Israeli Minister Visits Ukraine, Decries ‘Russian War Crimes’

Health Minister Nitzan Horowitz visits Israeli-built field hospital. FM Lapid and Israel’s envoy to Ukraine also denounced the killings in the Kyiv suburb of Bucha as a ‘war crime’

Israeli Health Minister Nitzan Horowitz blasted Russia over “the war crimes it is committing in Ukraine,” as he visited a field hospital set up by Israel in the war-torn country.

It was the first visit by an Israeli minister to Ukraine since Russia invaded the country on February 24.

Horowitz said his visit symbolized Israel’s “solidarity with Ukraine, against a vicious Ukrainian invasion, against the acts of slaughter and war crimes that are now being revealed around the country.”

Israel will “continue to extend aid as part of our moral duty,” he added, “and as part of our belonging to the family of democratic nations.”

The health minister met with members of the Israeli humanitarian delegation in Ukraine at the field hospital, as well as with Ukraine’s deputy health minister and the chairman of the Ukrainian parliament’s health committee.

According to Horowitz, over 2,000 women and children have been treated at the field hospital, and “Israel is the only country that has created such a facility inside Ukrainian territory.””It’s very hard to watch the images from the massacre in Bucha,” Horowitz tweeted earlier, referring to the mass grave revealed after Russian troops retreated from the Kyiv region.

“But we can’t look away from that, nor from the war crimes committed by Russia. Crimes against humanity, against human rights and against democracy.

“I visit today the field hospital Israel set up in Ukraine to make one thing clear: Ukraine you’re not alone,” Horowitz said.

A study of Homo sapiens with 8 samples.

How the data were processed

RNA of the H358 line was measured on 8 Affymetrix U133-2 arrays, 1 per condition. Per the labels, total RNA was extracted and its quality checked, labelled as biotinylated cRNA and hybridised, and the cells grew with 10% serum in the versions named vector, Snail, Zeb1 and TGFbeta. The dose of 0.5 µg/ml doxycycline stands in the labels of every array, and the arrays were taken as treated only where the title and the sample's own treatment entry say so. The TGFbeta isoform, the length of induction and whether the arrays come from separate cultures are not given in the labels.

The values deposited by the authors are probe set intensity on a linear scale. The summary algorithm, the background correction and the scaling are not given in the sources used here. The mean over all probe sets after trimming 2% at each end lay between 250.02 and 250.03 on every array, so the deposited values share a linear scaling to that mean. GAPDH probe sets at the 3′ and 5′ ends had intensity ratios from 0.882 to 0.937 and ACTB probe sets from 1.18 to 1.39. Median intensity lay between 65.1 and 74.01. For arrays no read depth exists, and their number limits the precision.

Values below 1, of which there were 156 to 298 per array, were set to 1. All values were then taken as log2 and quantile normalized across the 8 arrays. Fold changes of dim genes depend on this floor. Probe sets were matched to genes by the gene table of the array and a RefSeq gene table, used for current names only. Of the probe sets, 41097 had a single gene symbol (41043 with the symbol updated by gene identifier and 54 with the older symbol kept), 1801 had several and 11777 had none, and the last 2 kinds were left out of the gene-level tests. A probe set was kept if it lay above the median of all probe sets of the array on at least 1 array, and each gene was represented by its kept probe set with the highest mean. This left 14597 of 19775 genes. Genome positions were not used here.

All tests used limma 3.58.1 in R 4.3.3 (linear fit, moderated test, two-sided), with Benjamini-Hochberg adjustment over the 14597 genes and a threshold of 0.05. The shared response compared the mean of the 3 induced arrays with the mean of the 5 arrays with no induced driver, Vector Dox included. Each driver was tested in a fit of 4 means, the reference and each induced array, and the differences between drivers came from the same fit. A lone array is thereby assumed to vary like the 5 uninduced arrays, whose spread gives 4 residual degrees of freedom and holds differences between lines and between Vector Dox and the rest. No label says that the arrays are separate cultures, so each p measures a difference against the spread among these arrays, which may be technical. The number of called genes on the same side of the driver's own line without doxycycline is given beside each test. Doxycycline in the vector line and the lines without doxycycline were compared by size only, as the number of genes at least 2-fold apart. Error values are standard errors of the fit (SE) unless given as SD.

During the visit, which was coordinated with Prime Minister Naftali Bennett and Foreign Minister Yair Lapid over the past two weeks, Horowitz is also expected to meet with his Ukrainian counterpart.

Kochav Meir field hospital was inaugurated two weeks ago in the western Ukrainian city of Mostyska, on the Polish border, by Sheba Medical Center and Israel’s health and foreign ministries. It is run by more than 60 doctors and nurses from across Israel, and can care for up to 150 patients at a time.

The project costs 21 million shekels ($6.5 million), and is funded by the foreign and health ministries, the Schusterman Family Foundation and the Joint Organization.

On Sunday, Lapid also condemned the killings in Bucha.

“It is impossible to remain indifferent in the face of the horrific images from the city of Bucha near Kyiv, from after the Russian army left,” Lapid tweeted. “Intentionally harming a civilian population is a war crime and I strongly condemn it.”

Israel’s ambassador to Ukraine also denounced the killings as a “war crime”, in a break from the more restrained rhetoric exhibited by Israeli officials.

Taras Shapravskyi, deputy mayor of Bucha, a town around 40 km (25 miles) northwest of Kyiv city, said 50 of some 300 bodies found after the Kremlin’s forces withdrew late last week were the victims of extra-judicial killings carried out by Russian troops.

The atrocities were also set to overshadow peace talks between Russia and Ukraine due to restart by video link on Monday.